Today’s post is written by Anya Holcomb, a CAMA worker in Kosovo.

We live three hours away from the main camp where refugees enter Macedonia from Greece on their journey to Western Europe.

Currently, there are approximately 7,000 refugees passing through this camp each day. CAMA is partnering with a Christian NGO that meets these refugees every day distributing food, water, blankets, and clothing while sharing the love and hope of Jesus.

Recently, I had the opportunity to spend a day at the camp working alongside our partners. Everything on the news suddenly came to life: real faces, tired eyes, tragic stories, and courageous determination. I met a man from Afghanistan who, after working for the coalition forces, was fleeing for his life due to threats from extremists. He started to cry as I asked him about his aging parents, whom he had to leave behind.

I met two high school girls hoping to live in a place with access to good education. One dreams of becoming a teacher; the other a doctor. I met a family with two young children, almost the same ages as mine, who had been traveling for 21 days. For several nights, they had slept outside on the cold forest floor without warm clothing or blankets. I heard numerous stories about the perilous journey crossing the sea to Greece on small rafts. Only the day before, four children had died while crossing. I couldn’t stop the tears from coming as I heard story after story.


As I listened, though, I began to hear the stories not mentioned on the news. One man was in the middle of the sea headed towards Greece, with about 35 other people, when the boat’s motor stopped working. They tried fixing it for hours to no avail. The waves were getting larger, and night was coming. People began to lose hope, fearing certain death.

This particular man had heard if you pray in the name of Jesus he will answer. He decided to give it a try and prayed in the name of Jesus that the motor would start. Immediately, it began to hum. This man made a vow to himself that as soon as he met a Christian he would ask them to tell him more about this Jesus.

Days later, as he was getting off a train in Macedonia, a woman from our partner NGO approached him. She told him that she was a Christian and asked if she could pray for him. (This woman told us that in the crowded train station, with hundreds of people, God specifically told her to talk to him.) He asked her to tell him about Jesus, which she did, and that day he invited Jesus into his life.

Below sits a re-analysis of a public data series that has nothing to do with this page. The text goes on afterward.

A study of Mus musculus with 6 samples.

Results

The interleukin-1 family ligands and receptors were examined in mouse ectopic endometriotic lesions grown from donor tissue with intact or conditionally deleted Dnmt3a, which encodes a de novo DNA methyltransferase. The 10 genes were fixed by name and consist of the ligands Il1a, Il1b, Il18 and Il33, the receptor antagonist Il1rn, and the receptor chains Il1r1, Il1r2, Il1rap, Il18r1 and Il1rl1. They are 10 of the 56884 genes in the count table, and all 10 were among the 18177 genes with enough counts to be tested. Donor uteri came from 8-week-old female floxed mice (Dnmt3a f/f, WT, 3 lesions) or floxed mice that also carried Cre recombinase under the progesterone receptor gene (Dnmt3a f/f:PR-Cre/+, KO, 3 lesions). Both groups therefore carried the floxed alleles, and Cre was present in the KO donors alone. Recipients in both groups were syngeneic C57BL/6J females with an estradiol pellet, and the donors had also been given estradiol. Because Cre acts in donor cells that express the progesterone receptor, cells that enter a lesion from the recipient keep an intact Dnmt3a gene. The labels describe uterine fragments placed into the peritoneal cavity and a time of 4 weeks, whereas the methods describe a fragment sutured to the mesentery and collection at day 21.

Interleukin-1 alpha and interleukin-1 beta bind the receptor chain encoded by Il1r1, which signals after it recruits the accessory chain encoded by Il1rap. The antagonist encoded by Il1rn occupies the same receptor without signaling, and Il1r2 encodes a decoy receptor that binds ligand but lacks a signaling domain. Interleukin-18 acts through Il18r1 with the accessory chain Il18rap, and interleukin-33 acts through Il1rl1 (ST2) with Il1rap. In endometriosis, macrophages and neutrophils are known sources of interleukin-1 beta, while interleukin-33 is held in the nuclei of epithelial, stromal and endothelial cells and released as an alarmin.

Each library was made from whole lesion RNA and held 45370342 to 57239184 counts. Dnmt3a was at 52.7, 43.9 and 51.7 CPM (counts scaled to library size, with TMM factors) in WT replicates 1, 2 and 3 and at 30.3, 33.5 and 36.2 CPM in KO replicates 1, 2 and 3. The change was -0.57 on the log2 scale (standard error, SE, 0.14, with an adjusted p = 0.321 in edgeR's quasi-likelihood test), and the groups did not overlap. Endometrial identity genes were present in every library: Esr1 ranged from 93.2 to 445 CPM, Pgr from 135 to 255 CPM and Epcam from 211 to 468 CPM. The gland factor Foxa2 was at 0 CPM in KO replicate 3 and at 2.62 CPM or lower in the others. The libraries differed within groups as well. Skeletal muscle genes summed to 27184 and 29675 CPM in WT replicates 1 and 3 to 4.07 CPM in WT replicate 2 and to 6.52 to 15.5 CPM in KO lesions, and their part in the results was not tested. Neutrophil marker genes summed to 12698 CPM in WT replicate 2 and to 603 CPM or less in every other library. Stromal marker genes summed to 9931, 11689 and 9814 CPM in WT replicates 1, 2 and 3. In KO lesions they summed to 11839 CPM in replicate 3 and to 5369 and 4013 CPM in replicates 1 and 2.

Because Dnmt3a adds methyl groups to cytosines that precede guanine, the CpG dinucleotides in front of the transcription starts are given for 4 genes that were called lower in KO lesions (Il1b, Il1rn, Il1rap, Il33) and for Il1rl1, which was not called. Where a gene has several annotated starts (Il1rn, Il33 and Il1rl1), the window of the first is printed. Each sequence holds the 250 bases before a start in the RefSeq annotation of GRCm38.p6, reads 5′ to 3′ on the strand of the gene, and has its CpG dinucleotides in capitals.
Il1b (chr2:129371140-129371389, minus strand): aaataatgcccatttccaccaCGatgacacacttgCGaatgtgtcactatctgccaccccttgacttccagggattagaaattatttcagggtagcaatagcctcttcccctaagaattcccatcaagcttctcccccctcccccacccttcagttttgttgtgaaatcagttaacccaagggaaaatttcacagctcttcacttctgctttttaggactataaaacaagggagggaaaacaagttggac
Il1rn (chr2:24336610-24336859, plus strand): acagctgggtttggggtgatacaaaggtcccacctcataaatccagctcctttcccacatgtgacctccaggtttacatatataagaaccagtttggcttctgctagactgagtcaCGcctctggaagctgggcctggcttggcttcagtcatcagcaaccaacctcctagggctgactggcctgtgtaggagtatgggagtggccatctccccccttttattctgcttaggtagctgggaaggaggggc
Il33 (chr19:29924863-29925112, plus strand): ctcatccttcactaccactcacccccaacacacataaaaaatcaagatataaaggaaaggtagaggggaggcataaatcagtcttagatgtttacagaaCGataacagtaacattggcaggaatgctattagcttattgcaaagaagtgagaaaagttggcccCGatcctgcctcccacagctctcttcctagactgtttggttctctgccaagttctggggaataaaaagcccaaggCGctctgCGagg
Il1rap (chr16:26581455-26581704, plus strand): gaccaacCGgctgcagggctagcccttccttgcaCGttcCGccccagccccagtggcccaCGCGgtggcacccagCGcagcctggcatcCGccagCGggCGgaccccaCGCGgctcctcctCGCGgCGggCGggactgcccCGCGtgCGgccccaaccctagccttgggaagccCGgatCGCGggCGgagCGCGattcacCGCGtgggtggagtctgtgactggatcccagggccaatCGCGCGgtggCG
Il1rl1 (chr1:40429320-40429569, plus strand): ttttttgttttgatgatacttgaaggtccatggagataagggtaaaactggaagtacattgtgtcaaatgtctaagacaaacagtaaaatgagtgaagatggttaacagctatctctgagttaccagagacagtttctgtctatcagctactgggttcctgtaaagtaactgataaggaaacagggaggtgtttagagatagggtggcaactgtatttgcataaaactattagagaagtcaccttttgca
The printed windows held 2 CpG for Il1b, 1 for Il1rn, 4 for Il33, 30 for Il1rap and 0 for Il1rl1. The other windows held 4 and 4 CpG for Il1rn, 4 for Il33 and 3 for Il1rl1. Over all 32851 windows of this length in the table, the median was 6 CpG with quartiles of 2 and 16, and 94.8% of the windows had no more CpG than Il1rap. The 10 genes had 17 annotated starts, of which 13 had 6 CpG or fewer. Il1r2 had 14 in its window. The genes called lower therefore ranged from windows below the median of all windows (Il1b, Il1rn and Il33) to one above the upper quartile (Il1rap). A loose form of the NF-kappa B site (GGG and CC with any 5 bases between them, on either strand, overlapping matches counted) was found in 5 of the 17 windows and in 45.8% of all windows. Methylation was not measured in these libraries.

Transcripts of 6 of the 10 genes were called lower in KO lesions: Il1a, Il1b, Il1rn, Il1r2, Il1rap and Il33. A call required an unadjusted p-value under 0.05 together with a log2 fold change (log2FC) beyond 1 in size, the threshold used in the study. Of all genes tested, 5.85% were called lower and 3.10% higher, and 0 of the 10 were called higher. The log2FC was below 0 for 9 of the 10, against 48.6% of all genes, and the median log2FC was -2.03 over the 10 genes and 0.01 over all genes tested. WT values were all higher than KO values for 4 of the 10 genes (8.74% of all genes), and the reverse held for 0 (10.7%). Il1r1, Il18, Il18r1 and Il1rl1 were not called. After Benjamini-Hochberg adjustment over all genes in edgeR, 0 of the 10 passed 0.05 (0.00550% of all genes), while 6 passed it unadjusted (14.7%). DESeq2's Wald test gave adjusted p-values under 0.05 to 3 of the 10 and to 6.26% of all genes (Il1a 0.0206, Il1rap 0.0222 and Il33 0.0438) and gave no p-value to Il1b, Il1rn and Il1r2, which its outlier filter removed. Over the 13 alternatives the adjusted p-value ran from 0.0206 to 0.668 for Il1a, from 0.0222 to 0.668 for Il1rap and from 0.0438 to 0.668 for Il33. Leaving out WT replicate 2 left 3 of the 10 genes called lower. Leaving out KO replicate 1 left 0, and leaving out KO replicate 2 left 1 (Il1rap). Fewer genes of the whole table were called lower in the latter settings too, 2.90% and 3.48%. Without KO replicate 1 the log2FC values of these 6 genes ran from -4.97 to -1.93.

Another story was about a 7-year-old refugee boy with a broken arm, badly bruised in a make-shift sling. When his family entered the camp, several of our partners asked if they could pray for healing. As they laid hands on him and prayed in the name of Jesus, his arm was instantly healed. The bones were back in place, and the bruising gone. The boy began to run around the dusty, barren camp shouting, “Jesus healed me! Jesus healed me!” A man from the boy’s group who witnessed what had happened prayed to receive Jesus on the spot.

As we neared the end of our day, a woman from Iran came up to me, frantic because she could not find her refugee papers. These are essential for passing from country to country. I helped her search, and in the end, the papers were in her bag all along. She was so relieved and gave me a huge hug. About 20 minutes later, I saw this same woman praying with one of our partners. When they finished, she turned to me and shared with joy in her eyes how she had just made a decision to follow Jesus. She found much more than her papers that day!

She and multiple others shared that Christians have helped them time after time along their journeys. Followers of Jesus have been meeting their practical needs, showing them love, and demonstrating care. Their hearts are opening to the Good News!

As I left the camp that day, it was not with a heavy heart—despite the difficulty, pain, and hardship I had witnessed. It was with a heart full of hope because Jesus is on the move!!! He is using this tragic situation to draw his children to Himself in radical ways.